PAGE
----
For high school juniors across the country, April and May are considered “testing season.” Students take a variety of tests (whether they are required to or choose to) ranging from the ACT, Advance Placement tests, the WorkKeys test, state data-collection testing, and most prominently, the SAT. Often, juggling the work of other classes along with studying for the upcoming tests seems like an impossible task, and the necessary preparation can often elude students until the very last minute. So, what does one do when they look at the calendar and realize they have nearly a week left before the big test day, and they haven’t even begun to study for it? Here are some options.
1. Khan Academy
The most helpful of all SAT prep resources, Khan Academy is a completely free website that, in association with the College Board, offers miniature quizzes in the exact same format as SAT questions. Students can watch videos to learn how to perform specific mathematic tasks, and can even take full-length practice SAT tests. Khan Academy analyzes which areas a student needs help on and personalizes lessons just for them.
The College Board website offers full-length practice SAT tests which give immediate results and answer explanations. There are seven tests to choose from, and they are printable so that students can practice writing on paper as they will have to do for the actual SAT. Because the College Board is in charge of the official test, these practice tests are certified and are closely related to the actual SAT.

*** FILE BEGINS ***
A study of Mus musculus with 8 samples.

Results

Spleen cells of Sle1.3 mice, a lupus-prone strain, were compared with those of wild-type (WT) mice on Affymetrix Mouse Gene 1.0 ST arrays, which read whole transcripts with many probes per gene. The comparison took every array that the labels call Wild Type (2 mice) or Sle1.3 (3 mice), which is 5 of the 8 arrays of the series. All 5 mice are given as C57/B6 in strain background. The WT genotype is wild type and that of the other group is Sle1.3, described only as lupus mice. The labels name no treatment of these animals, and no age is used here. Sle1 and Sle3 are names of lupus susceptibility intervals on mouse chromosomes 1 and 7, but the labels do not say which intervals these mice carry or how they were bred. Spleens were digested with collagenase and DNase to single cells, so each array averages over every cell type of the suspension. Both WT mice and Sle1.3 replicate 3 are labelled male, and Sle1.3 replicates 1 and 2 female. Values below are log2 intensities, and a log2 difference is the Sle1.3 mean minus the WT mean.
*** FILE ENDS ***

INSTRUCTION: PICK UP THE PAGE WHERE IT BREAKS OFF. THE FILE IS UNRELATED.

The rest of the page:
This is one that requires purchasing, but is very much worth it and can be done in a short amount of time. ZAPS teaches students less about correct answers and more about how to approach questions they do not know and still get a maximum possible score. Students learn techniques for guessing accurately, eliminating, and critically thinking. They offer online seminars for those who do not have a seminar in their area.
4. Magoosh Mobile Apps
You can find these on the App Store as well as the Google Play Store. All of the apps are free and include the Vocabulary Builder (which can benefit students’ essay writing abilities), Math Practice, and GRE Prep & Practice. The setup is simple and easy and feels more like a fun game rather than a study session.
Know that even the smallest bit of practice can help. There is no need to devote hours upon hours to absorbing as much material as possible. Just a bit of studying each day can prepare you enough.
It is also helpful to read tips on what to do outside of actually studying the content of the test. Cramming the night before is never a good idea, and you should get to bed early starting at least two nights before the test. Review your past practice tests and check to see your typical mistakes; try to avoid repeating them. Make sure to eat breakfast the big day, and read up on the requirements and restrictions of what to bring with you into the testing room. Remember that the best thing to do is stay calm and take your time, and believe that you can. Good luck!